In yesterday's column, Revisiting the Liquidity Trap, I promised to review sectors and companies that would be impacted if the five-year trend of residential rental costs continues to increase faster than incomes continues.
In this column, I'll consider the apparel sector and companies within it. A series of economic, sociological, and technological events and situations are beginning to converge, bringing extraordinary changes to the retailing industry. Along with this will be opportunities for profits and potential for losses.
The apparel industry has one of the highest marketing costs of all industries that have multiple similar brands competing for the same consumer dollars. The traditional model of apparel manufacturing, marketing and sales is to spend an enormous amount of money marketing a brand, selling the concept of that brand to consumers, and convincing them to pay a premium for relatively low quality items that have the brand logo emblazoned on them.
The increased costs for housing and other necessities are growing faster than the incomes made by those in the age groups of 25-34 and 35-44. This is causing the net available discretionary funds for the purchase of other items to decrease and leaving the apparel retailers with shrinking demand. From a business model perspective and investors' interest, the first question that needs to be answered is whether or not this is a short-term phenomenon that will reverse when economic activity increases or a structural or longer-term issue.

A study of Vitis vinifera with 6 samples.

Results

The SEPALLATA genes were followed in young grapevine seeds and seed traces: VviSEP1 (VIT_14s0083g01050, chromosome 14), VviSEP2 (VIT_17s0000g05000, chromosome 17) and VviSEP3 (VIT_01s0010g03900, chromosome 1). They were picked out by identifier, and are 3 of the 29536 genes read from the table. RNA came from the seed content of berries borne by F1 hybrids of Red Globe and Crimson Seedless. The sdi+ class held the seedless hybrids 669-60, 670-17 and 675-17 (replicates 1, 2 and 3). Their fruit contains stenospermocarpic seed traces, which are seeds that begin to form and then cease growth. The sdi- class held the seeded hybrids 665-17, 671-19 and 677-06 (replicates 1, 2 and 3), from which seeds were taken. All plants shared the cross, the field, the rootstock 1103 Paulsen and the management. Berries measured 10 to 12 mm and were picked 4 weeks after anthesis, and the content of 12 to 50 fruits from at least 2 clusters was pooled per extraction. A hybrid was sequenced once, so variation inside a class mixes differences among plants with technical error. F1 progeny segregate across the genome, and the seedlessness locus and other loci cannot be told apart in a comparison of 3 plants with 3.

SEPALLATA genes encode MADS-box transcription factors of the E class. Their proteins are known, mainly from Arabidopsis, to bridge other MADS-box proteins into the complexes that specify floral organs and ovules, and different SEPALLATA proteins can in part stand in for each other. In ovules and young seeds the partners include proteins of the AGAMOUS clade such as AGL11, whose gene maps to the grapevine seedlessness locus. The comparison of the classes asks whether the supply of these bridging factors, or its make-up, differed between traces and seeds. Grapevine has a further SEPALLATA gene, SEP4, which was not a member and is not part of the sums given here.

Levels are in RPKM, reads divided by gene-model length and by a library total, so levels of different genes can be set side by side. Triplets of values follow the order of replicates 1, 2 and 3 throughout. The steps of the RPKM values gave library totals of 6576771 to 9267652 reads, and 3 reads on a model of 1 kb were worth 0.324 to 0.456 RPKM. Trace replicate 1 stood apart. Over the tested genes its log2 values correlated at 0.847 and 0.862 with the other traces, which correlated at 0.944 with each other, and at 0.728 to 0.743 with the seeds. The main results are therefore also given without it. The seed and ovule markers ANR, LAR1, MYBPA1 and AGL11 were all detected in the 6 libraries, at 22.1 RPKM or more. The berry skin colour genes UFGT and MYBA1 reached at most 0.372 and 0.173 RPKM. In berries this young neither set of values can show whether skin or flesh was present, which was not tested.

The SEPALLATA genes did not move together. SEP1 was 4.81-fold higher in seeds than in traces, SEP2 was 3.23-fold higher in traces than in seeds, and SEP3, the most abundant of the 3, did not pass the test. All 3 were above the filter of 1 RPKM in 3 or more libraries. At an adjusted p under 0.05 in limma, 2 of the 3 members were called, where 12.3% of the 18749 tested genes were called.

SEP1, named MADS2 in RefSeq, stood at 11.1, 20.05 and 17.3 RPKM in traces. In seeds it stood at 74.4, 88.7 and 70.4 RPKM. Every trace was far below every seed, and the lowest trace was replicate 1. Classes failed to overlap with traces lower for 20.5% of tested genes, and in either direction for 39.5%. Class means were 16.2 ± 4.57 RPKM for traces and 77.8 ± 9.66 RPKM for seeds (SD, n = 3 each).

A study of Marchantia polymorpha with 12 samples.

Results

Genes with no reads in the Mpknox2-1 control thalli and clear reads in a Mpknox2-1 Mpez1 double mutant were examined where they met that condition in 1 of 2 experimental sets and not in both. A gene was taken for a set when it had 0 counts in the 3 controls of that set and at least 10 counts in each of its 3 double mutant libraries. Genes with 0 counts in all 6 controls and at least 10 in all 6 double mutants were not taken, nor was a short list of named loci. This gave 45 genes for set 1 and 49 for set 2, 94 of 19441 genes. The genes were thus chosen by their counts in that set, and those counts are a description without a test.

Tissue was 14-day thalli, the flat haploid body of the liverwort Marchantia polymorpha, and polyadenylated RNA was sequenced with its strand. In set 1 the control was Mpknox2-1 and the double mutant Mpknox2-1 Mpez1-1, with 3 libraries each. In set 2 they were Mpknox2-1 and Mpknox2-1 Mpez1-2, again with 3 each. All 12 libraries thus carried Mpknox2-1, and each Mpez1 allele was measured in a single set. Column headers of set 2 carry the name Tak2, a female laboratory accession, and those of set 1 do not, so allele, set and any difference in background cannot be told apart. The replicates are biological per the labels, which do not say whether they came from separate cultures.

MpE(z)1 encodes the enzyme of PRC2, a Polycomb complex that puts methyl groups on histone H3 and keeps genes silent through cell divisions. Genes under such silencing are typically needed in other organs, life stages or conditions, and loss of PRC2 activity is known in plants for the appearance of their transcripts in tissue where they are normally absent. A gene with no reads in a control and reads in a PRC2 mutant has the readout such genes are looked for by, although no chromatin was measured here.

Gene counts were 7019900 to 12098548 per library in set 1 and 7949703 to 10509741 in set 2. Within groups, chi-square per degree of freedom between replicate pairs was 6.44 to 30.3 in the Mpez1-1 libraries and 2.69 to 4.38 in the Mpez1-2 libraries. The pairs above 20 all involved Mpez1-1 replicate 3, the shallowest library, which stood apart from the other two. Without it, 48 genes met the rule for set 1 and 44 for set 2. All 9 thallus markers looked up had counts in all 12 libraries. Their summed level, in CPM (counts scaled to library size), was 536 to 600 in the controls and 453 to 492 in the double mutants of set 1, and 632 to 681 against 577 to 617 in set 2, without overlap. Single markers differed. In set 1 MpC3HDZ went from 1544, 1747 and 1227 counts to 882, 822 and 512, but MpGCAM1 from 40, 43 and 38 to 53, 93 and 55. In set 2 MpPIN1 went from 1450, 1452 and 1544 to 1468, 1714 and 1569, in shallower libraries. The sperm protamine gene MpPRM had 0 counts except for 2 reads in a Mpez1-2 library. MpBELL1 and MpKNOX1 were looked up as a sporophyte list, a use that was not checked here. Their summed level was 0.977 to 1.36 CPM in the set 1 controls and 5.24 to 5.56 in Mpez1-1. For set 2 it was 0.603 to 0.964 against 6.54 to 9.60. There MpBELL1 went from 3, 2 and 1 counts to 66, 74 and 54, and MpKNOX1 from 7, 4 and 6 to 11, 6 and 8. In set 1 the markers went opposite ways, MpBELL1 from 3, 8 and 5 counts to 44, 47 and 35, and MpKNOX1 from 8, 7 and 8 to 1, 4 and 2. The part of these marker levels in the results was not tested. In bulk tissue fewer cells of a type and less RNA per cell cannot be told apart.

Indications are that this is indeed a longer-term issue that is causing the millennial and X generation to eschew branded products because they can't afford them and to prefer non-branded products. This is likely a symptom of a sociological shift in which people convince themselves they don't want something they can't afford.
Compounding this is that these consumers want to stretch their consumption dollars further by wanting higher quality products at lower prices. This interest was indicated by the success of a very high quality hoodie produced by private startup American Giant and discussed by Slate in December 2012.
The convergence of these economic and social trends is turning the traditional retail business model literally upside down. Low-quality, high-cost, highly marketed, branded products are being replaced by demand for high-quality, low-cost, hardly marketed, non-branded items.
The impact this will have on the branded retail industry can't be overstated. Many of the apparel retailers will not be able to survive because the business model shift will be too great. Others will have to merge.
This brings me to the technology issue. There will be an enormous opportunity for the retail distribution outlets to produce their own high quality, private label, low price, non-branded products to meet the new demand and/or to begin to offer products produced by startups such as American Giant.
Technology, especially the internet, lowers barriers to entry for private start-ups or traditional large retail distributors, seeking to access manufacturers. The potential winners of the publicly traded companies are The TJX Companies (TJX), Ross Stores (ROST), Burlington Stores (BURL), Costco (COST), Target (TGT), Wal-Mart (WMT), and Amazon (AMZN).
The companies most hurt by this shift are the branded producers of apparel products targeting the 25-44 year old demographic. They include Victoria's Secret owner, L Brands (LB), Abercrombie & Fitch, Aeropostale (ARO), American Eagle Outfitters (AEO), Express (EXPR), The Gap (GPS), Ascena Retail Group (ASNA), Urban Outfitters (URBN), Chico's FAS (CHS), ANN (ANN), Ralph Lauren (RL) and PVH (PVH).
I plan to track the performance of these two groups along with this trend and report on it quarterly.